The annual U.N. General Assembly has generated sometimes powerful comments by world leaders on issues involving North Korea, Iran, Afghanistan and the flight of minority Muslims from Myanmar as more than 100 heads of state and government gather in New York.
Speaking at a military parade, Rouhani said Iran “will not ask for anyone’s permission to defend our land” and would continue to strengthen its missile program.
Rouhani’s comments, broadcast on the anniversary of Iraq's 1980 invasion of Iran, appeared to be aimed at President Trump, who sharply criticized Iran in a speech this week at the United Nations General Assembly.
Trump called on world powers to pressure Iran to stop developing missiles and cease supporting regional militant groups. U.S. officials say such “malign activities” go against the spirit of the 2015 agreement under which Iran won relief from international sanctions in exchange for shelving its nuclear program.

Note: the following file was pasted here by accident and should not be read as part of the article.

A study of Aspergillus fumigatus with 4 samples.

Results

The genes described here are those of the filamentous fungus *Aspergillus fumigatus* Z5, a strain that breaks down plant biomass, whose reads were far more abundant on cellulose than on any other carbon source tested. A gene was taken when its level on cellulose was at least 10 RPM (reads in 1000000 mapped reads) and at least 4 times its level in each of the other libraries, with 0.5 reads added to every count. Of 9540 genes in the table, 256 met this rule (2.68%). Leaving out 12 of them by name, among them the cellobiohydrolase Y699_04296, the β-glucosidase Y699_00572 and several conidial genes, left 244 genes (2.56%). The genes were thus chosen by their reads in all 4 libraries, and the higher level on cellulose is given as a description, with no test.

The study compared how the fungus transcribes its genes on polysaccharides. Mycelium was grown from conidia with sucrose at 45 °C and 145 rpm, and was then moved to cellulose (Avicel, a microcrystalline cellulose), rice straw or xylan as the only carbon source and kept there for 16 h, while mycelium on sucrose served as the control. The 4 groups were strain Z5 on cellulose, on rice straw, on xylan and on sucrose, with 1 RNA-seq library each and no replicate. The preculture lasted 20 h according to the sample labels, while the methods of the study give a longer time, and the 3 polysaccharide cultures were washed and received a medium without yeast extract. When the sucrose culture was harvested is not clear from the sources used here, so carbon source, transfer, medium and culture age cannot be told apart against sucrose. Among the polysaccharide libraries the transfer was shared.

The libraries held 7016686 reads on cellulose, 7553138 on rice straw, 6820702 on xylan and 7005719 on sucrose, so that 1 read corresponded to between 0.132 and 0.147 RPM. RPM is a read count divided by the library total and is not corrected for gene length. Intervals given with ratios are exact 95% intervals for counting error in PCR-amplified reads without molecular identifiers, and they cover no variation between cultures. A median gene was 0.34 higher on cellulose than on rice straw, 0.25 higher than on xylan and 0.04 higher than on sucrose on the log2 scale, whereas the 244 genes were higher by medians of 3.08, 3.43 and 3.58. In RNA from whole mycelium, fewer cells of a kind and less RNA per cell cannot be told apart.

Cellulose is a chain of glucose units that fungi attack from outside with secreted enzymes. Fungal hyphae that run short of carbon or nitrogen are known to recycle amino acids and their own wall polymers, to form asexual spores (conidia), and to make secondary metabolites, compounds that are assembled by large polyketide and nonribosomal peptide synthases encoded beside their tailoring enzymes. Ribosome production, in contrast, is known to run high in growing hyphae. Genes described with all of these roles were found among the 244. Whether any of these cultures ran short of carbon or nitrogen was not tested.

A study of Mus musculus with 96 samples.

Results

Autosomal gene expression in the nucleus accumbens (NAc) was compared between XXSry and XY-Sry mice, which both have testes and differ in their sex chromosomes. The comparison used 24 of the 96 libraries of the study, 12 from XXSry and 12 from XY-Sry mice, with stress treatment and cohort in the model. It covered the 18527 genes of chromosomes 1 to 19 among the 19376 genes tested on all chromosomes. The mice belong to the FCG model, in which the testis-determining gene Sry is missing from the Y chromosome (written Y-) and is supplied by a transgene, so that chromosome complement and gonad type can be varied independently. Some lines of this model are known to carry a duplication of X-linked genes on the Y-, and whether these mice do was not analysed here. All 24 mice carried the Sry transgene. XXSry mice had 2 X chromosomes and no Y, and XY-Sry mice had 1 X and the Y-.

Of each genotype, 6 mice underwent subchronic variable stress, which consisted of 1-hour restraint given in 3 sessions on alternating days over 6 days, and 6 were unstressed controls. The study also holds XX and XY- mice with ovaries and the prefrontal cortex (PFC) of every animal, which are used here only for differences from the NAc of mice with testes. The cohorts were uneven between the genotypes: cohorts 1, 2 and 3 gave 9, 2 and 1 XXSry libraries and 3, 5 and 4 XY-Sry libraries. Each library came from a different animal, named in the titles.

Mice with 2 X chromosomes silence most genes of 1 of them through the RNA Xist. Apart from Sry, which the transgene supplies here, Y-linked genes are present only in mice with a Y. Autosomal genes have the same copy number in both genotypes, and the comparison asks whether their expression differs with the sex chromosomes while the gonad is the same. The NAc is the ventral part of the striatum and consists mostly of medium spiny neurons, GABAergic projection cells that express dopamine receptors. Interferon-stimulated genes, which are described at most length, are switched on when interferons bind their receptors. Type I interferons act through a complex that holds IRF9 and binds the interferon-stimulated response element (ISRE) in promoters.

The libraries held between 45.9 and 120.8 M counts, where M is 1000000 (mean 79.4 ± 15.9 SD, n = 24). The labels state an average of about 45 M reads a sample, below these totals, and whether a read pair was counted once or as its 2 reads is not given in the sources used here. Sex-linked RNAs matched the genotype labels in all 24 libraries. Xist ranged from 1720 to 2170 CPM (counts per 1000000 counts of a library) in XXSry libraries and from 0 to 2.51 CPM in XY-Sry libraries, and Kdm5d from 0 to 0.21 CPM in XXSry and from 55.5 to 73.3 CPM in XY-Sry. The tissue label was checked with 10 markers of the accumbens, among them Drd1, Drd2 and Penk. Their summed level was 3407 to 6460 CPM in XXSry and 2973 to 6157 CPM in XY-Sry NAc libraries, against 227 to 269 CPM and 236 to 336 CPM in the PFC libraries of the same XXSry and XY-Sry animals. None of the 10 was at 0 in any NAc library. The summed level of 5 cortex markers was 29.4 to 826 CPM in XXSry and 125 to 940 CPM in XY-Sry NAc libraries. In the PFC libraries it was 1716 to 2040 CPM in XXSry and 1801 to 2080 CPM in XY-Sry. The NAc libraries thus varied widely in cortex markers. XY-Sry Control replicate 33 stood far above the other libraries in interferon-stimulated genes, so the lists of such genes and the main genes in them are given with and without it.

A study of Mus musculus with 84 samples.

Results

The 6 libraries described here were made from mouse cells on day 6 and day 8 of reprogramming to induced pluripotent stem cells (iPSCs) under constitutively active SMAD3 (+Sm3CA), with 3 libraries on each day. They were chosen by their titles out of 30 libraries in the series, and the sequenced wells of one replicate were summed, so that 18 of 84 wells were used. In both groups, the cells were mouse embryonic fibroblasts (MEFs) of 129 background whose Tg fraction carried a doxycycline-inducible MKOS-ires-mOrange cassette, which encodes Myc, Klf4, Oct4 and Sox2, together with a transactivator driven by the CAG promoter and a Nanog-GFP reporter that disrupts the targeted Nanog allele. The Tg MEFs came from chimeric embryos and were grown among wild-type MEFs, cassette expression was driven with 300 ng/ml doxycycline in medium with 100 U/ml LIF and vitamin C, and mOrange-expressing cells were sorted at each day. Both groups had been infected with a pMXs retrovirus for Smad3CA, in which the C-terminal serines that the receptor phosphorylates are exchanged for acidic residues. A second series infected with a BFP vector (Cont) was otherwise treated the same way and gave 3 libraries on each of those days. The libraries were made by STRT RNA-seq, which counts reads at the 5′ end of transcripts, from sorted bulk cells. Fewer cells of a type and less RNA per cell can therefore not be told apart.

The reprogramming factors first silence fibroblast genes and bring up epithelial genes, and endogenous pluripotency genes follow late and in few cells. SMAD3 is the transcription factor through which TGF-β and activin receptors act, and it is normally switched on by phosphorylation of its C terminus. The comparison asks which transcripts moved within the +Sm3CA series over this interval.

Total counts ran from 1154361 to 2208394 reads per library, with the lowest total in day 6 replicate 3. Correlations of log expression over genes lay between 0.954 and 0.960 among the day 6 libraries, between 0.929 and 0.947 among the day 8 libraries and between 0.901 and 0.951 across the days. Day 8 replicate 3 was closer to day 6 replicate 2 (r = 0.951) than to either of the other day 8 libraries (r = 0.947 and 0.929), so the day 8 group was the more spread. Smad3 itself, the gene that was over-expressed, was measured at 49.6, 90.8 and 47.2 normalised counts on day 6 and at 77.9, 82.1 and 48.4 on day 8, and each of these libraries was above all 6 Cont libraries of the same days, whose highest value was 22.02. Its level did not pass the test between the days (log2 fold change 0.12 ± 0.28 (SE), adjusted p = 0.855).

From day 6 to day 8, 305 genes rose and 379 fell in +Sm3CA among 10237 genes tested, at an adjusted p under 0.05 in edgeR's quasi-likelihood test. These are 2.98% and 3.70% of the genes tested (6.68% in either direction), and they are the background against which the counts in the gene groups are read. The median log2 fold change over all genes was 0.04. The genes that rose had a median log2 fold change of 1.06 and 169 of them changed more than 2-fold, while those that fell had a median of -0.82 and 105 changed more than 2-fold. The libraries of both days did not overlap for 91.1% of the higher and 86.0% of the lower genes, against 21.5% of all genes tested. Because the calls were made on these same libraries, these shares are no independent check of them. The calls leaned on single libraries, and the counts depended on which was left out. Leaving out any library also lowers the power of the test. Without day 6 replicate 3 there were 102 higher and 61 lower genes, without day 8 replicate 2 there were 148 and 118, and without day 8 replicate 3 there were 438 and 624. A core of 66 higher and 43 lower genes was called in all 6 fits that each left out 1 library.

Trump has criticized the nuclear deal and said it must be strengthened, or the U.S. could walk away.
Rouhani described the U.S. and Israel as the main destabilizing forces in the Middle East and said the speech by Trump and a later address by Israeli Prime Minister Benjamin Netanyahu were a “clear indicator of the vicious nature” of the two countries, according to the Tasnim news agency.
His comments came as the Iranian military introduced a new ballistic missile with a 1,200-mile range, capable of reaching Israel and carrying multiple warheads.
Gen. Amir Ali Hajizadeh, commander of the aerospace division of the elite Revolutionary Guards, said the defense ministry had manufactured the Khorramshahr missile and that it would soon become operational, Tasnim reported.